Rum is one of the fastest growing, if not the fastest growing, spirit category in the world. Much of that growth has been fueled by a rebirth of domestically produced rums. That’s right. Everything old is new again. Rum, which was a backbone of the American Revolution, is distilled in the United States again. And not just in the Northeast where while some folks were dumping tea into Boston Harbor, some 160 distillers were producing rum. Today, pick a corner of the country and there’s probably someone distilling rum in it. “Celebration” in New Orleans, “Prichard’s” in Tennessee, “Charbay” in Napa Valley, CA and “Koloa” in Hawaii are all making rum. All we need is something from the Midwest.
Enter Nathan Greenawalt. Only 30 years old, he grew up in Michigan but moved to Wisconsin for college, loved it and never left. Out of college, he fell into the microbrew movement that was big in Wisconsin. Realizing he could offer very little to the explosive and saturated beer market, he skipped directly to the distillation world.
His spirit of choice? Rum.
As he himself says, “I wanted to produce very oaky unsweetened rum from the very beginning. I decided I would make rum drinkers out of everyone since most people don’t know how great it can be.” The rum he came up with he named “Cane and Abe.” The Cane part makes sense-he uses sugar cane from Hawaii. But the Abe part?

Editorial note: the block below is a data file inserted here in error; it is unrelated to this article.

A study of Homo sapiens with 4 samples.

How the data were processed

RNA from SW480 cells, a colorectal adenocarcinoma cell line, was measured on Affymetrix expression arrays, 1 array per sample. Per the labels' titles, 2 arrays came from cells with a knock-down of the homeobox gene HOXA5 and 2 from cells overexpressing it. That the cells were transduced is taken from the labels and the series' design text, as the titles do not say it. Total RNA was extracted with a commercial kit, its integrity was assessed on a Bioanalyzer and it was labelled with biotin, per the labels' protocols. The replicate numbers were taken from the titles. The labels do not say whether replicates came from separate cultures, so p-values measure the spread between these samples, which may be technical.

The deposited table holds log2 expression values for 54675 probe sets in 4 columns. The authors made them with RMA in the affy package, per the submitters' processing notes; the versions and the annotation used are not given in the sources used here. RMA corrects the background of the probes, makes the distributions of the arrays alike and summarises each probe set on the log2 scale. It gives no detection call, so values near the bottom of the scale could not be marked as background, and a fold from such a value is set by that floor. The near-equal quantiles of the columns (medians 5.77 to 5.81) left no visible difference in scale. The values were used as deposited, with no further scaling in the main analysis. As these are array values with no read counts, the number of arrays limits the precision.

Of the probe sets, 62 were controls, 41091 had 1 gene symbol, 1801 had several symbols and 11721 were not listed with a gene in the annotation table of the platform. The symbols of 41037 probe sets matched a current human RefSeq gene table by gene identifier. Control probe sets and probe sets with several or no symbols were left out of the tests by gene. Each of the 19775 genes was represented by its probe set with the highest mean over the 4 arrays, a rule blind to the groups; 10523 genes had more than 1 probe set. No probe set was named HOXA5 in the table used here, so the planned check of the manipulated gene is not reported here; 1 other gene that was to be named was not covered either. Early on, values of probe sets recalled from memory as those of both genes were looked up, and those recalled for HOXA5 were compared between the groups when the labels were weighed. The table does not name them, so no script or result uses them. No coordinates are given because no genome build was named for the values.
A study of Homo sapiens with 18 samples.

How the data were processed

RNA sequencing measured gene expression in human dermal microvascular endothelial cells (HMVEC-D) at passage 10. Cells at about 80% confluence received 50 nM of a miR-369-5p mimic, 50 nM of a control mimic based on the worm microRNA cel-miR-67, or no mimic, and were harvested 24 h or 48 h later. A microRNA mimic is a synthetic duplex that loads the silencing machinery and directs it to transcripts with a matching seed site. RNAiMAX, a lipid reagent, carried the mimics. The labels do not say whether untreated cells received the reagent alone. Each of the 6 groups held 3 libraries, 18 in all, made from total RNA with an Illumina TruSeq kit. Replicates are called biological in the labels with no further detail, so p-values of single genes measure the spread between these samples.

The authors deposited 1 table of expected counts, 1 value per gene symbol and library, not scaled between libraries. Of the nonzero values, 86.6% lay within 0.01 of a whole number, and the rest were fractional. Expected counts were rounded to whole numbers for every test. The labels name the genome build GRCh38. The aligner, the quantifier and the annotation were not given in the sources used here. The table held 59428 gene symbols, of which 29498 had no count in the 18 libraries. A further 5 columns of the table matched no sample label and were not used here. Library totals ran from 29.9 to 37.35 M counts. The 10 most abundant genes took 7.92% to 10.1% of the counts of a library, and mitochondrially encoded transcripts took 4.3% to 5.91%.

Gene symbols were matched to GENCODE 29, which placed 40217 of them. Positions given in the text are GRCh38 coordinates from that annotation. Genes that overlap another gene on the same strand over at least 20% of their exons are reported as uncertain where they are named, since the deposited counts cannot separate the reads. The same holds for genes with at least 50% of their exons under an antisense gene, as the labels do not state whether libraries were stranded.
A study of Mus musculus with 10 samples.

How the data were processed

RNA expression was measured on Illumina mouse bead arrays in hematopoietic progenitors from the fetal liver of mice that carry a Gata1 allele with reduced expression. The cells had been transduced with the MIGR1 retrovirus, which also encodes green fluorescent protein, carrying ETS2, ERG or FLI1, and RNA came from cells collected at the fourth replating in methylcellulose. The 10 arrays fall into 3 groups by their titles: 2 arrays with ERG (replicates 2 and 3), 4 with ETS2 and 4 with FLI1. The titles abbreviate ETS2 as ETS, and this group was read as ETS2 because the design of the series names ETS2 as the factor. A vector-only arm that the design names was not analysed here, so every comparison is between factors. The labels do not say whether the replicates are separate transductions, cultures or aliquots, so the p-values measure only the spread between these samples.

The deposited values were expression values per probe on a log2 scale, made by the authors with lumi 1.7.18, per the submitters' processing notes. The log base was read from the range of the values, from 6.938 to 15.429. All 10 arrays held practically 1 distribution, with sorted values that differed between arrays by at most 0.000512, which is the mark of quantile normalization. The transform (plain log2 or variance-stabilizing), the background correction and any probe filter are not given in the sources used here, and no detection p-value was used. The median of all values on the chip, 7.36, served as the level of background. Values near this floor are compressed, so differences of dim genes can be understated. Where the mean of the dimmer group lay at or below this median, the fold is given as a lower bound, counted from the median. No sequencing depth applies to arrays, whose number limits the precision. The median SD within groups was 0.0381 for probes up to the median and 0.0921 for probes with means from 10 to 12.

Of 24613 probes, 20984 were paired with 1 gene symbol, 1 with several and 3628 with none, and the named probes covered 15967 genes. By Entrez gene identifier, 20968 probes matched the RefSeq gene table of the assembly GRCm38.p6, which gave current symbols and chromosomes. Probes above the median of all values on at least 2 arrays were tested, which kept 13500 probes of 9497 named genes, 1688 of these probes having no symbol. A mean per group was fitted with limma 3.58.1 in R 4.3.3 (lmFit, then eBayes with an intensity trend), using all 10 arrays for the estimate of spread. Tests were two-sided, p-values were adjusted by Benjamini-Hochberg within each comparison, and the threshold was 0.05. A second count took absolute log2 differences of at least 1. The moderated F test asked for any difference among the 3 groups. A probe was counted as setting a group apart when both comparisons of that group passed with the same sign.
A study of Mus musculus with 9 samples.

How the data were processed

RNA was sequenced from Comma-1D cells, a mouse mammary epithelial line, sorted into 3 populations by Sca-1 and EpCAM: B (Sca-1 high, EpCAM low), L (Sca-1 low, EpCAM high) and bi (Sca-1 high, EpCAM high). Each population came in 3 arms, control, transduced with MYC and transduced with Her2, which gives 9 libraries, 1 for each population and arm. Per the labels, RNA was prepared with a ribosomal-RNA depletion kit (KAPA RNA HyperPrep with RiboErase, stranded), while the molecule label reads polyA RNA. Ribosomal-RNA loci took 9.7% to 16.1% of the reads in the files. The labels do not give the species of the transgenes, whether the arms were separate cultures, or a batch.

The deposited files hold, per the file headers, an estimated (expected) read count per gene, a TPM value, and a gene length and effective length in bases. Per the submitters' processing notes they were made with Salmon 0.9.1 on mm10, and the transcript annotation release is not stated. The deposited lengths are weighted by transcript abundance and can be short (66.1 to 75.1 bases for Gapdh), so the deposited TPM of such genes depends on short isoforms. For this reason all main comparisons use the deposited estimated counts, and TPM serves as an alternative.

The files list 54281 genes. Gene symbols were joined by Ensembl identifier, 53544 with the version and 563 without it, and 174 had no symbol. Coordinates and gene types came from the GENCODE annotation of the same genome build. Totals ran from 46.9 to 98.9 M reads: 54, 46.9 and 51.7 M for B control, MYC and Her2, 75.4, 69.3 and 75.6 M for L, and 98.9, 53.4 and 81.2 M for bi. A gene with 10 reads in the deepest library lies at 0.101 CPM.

“Abe comes from Old Abe, the legendary bald eagle that was the mascot for Wisconsin’s 8th infantry during the Civil War.”
The best thing about it, other than the cool name? It’s great! I tasted it a few weeks ago in Chicago and was surprised to learn for an independent rum that has only been available only since February 2010, you can find it in ten states, with more to come! To find out more, check out their website at madisondistillery.com.
So, although there are great rums from the tropics, there are equally great ones coming from to good ole’ US of A. So next time you’re shopping for rum, don’t be afraid to buy local and Make Life One Long Weekend™.